The state public health emergency will be renewed for another 30 days, beginning April 1.

INDIANAPOLIS — In an address to the state Tuesday, Governor Eric Holcomb announced that COVID-19 vaccinations will be open to all Hoosiers ages 16 and older on March 31. 

This is in anticipation that the state will receive a large increase in the amount of coronavirus vaccine, as outlined by the federal government. 

Holcomb said additional mass vaccination clinics will be scheduled for April, and the state will also implement a large employer vaccination program to make getting vaccinated more convenient for Hoosiers.  

The state public health emergency will be renewed for another 30 days, beginning April 1. Then, starting April 6, decisions about venue capacity and social gatherings will be made by local officials. 

The statewide mask mandate will become an advisory on April 6, but face coverings will remain mandatory in all state buildings and facilities and in all vaccination and COVID-19 testing sites until further notice.

“When I visit my favorite restaurant or conduct a public event, I will continue to wear a mask,” Gov. Holcomb said. “It is the right thing to do. Hoosiers who take these recommended precautions will help us get to what I hope is the tail end of this pandemic.”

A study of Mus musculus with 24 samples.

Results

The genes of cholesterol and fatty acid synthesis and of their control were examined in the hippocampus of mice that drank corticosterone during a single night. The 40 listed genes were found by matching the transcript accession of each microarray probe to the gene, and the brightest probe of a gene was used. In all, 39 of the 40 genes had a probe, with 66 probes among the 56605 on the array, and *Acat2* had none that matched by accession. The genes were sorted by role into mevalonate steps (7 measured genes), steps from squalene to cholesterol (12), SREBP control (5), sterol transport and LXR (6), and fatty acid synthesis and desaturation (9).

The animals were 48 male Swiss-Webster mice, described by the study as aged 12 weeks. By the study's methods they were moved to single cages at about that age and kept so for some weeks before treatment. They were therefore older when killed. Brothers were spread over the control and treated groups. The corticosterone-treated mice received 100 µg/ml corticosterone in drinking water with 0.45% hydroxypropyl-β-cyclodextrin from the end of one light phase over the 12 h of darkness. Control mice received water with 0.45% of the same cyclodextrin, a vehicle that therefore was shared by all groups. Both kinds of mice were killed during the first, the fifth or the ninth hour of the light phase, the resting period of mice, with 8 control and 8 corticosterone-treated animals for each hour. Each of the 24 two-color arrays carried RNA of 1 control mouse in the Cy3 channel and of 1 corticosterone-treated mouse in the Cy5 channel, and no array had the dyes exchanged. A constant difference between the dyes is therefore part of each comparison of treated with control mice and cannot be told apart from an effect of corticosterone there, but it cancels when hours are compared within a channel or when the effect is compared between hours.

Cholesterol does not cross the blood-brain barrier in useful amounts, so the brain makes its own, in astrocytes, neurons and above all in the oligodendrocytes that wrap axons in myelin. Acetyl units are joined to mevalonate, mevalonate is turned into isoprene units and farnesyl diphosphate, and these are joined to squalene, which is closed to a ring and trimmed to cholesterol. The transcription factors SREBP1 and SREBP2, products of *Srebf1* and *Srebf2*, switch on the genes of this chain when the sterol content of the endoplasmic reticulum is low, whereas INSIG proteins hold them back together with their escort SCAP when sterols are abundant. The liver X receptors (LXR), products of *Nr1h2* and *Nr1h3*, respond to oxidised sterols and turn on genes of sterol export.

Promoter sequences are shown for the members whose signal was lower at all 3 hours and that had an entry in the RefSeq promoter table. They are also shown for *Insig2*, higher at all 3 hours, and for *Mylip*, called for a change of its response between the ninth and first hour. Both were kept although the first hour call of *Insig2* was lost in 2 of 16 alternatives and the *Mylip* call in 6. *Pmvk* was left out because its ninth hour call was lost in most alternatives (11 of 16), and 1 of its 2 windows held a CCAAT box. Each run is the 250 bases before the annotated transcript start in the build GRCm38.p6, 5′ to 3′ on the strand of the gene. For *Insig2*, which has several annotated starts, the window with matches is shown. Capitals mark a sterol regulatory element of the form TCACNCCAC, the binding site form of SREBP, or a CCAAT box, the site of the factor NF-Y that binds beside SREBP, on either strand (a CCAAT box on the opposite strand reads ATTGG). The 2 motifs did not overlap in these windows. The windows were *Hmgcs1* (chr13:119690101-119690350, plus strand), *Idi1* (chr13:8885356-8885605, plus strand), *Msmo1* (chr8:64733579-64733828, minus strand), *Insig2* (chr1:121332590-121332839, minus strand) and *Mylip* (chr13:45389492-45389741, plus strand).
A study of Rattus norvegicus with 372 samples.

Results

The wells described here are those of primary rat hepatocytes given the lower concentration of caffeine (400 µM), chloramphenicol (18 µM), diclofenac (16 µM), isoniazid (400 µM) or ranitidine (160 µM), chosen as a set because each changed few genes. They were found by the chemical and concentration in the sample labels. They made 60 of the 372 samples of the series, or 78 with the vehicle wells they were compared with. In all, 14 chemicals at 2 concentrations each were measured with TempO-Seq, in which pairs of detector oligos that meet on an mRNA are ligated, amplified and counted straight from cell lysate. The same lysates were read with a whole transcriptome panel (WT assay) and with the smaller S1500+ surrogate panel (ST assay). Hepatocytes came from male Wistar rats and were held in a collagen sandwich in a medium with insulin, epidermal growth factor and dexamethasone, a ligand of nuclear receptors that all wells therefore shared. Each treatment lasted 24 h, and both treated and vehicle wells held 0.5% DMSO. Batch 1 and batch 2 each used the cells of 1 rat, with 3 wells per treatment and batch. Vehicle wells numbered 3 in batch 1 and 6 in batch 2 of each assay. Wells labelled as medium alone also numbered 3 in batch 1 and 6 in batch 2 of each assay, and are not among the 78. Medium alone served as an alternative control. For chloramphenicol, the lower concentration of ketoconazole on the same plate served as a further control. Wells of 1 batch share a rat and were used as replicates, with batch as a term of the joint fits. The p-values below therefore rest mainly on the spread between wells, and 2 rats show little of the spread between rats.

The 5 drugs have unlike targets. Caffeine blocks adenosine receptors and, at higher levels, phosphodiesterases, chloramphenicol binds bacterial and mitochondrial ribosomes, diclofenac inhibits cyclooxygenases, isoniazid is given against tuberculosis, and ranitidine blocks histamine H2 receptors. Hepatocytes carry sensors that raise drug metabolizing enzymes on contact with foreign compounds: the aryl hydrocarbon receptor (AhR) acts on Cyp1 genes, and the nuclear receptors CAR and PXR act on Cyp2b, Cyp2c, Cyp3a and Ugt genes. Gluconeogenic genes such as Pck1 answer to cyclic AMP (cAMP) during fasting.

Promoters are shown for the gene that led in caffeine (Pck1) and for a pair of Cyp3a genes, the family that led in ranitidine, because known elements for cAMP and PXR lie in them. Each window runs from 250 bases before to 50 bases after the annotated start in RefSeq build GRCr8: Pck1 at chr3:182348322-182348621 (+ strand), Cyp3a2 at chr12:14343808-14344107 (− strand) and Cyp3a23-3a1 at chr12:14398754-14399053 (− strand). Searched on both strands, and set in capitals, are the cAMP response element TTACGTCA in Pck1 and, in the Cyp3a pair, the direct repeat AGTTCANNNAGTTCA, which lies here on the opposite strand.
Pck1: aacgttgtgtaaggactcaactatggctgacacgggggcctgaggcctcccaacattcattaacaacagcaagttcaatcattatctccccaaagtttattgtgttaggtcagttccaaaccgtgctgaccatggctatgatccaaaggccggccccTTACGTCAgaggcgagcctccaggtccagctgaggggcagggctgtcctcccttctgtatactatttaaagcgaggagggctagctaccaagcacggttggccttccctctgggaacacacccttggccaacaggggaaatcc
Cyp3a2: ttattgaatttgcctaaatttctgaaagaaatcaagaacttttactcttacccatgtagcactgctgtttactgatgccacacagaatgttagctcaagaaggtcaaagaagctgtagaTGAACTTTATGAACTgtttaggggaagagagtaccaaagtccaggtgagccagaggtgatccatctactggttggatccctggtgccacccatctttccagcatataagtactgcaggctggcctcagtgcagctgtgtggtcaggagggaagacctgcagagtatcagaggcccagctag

“You just don’t know. One day you’re busy, one day you’re not,” said Angela Stergiopoulos, owner of Indy's Greek Islands Restaurant. 

That’s what the past year has been like for Stergiopoulos, living with uncertainty, not knowing what tomorrow would bring. 

That’s why Stergiopoulos tuned in Wednesday to hear Holcomb announce what local businesses can expect starting April 6. 

“Customers in restaurants, bars and nightclubs will no longer be required to be seated. Six feet of spacing between tables and other seating will still be recommended,” Holcomb said Tuesday in his message to Hoosiers. 

It's something Stergiopoulos is still planning to do. 

“We’re still going to have our COVID safety plan, yes,” she said. “I’m going to still wear the mask and ask my staff to please continue to wear the mask.”

When it comes to customers, though, Stergiopoulos says she’ll wait to hear what Marion County and the mayor have to say. 

“It is kind of a scary thing for us to self-regulate that because we’re trying to be a business and take care of our guests,” she said. 

Decisions like these aren’t the only challenge Stergiopoulos is facing. She’s still mourning her dad, who died of COVID-19 last April. He founded the restaurant almost 34 years ago. 

“We’re hoping when all this is said and done, we’ll still have our doors open and be able to do what we do and give great Greek hospitality, what my dad started and continue his legacy and dream,” said Stergiopoulos. 

What that looks like though, coming out of a global pandemic, is still up in the air. 

“We want everything to be back to normal,” said Stergiopoulos. “It’s still never going to be back to normal, but some kind of normal, but we all have to continue to help to do that.”